Results from Phase III Trials Show Eli Lilly’s Tirzepatide Reduces Obstructive Sleep Apnea Severity


Up to 51.5% of participants met the criteria for disease resolution.

Image Credit: © terovesalainen -

Image Credit: © terovesalainen -

Eli Lilly has announced results from its Phase III clinical trials of tirzepatide for the treatment of moderate-to-severe obstructive sleep apnea (OSA) in adults with obesity, with and without positive airway pressure (PAP) therapy. In both studies, tirzepatide achieved all primary and key secondary endpoints for both the efficacy and treatment-regimen estimands.1

In the primary endpoint, tirzepatide reduced moderate-to-severe OSA severity by up to 62.8%, which is representative of 30 fewer events restricting or blocking a person's airflow per hour of sleep, compared to placebo. In a key secondary endpoint from two clinical studies, 3.0% and 51.5% of participants taking tirzepatide at the highest dose reached the criteria for disease resolution. Defined by the apnea-hypopnea index (AHI) and Epworth Sleepiness Scale (ESS) measures, “disease resolution” means achieving an AHI of fewer than 5 events per hour, or an AHI of 5-14 events per hour and an ESS score of ≤10.

According to Lilly, the Phase III clinical trial, SURMOUNT-OSA (NCT05412004), were a set of multi-center, randomized, double-blind, parallel studies comparing the efficacy and safety of tirzepatide to placebo in adults living with moderate-to-severe obstructive sleep apnea and obesity who were unable or unwilling to use positive airway pressure (PAP) therapy (study 1) and those who were and planned to stay on PAP therapy during the duration of the trial (study 2). The trials randomized 469 participants across the US, Australia, Brazil, China, Czechia, Germany, Japan, Mexico, and Taiwan.

"In the trials, patients with moderate-to-severe obstructive sleep apnea and obesity treated with tirzepatide experienced about 30 fewer disruptive events every hour of sleep and nearly half achieved disease resolution," Atul Malhotra, MD, Peter C. Farrell presidential chair, professor of medicine at University of California San Diego School of Medicine and director of sleep medicine at UC San Diego Health said in a press release. "OSA can be very disruptive to daily life and affects a person's long-term health when left untreated because it can lead to serious cardiometabolic complications. These data support the efficacy of tirzepatide in adults living with moderate-to-severe OSA and obesity and has the potential to add to our toolbox for OSA treatment."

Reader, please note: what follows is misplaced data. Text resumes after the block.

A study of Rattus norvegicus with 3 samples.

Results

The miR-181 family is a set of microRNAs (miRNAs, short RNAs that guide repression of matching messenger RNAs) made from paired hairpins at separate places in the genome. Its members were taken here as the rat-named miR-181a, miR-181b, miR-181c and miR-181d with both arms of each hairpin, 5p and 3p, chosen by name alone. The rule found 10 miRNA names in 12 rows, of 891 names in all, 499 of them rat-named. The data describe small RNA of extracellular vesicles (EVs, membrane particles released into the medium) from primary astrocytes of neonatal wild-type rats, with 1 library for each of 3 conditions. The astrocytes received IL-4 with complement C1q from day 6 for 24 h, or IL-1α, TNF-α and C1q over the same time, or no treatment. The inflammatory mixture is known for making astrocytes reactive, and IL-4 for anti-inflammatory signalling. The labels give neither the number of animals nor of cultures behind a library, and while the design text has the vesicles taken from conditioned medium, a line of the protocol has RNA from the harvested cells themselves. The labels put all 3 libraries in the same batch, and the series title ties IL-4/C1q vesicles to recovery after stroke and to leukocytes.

According to Mayo Clinic, OSA is the most common sleep-related breathing disorder. While there are several types of sleep apnea, OSA occurs when the throat muscles relax and block the airway.2 It is estimated that 936 million adults around the world have mild to severe OSA.3

Lilly has submitted tirzepatide for the treatment of moderate-to-severe OSA and obesity to the FDA and will initiate submissions for other global regulatory agencies in the coming weeks. Tirzepatide is currently the only approved GIP and GLP-1 treatment for chronic weight management.

"There are currently no pharmaceutical treatment options to address the underlying cause of OSA, a complex disease that disrupts the daily lives of 80 million people in the US alone and is linked to serious health complications," Jeff Emmick, MD, PhD, senior vice president, product development, Lilly said in the press release. "The SURMOUNT-OSA results showed a significant proportion of patients with moderate-to-severe OSA and obesity treated with tirzepatide achieved disease resolution based on predetermined AHI and ESS measures, at which point PAP therapy may not be recommended."


1. Lilly's tirzepatide reduced obstructive sleep apnea (OSA) severity, with up to 51.5% of participants meeting the criteria for disease resolution. Eli Lilly. News release. June 21, 2024. Accessed June 24, 2024.

2. Obstructive sleep apnea. Mayo Clinic. July 14, 2023. Accessed June 24, 2024.,relax%20and%20block%20the%20airway.

3. Sleep Apnea Statistics and Facts You Should Know. National Council on Aging. May 8, 2024. Accessed June 24, 2024.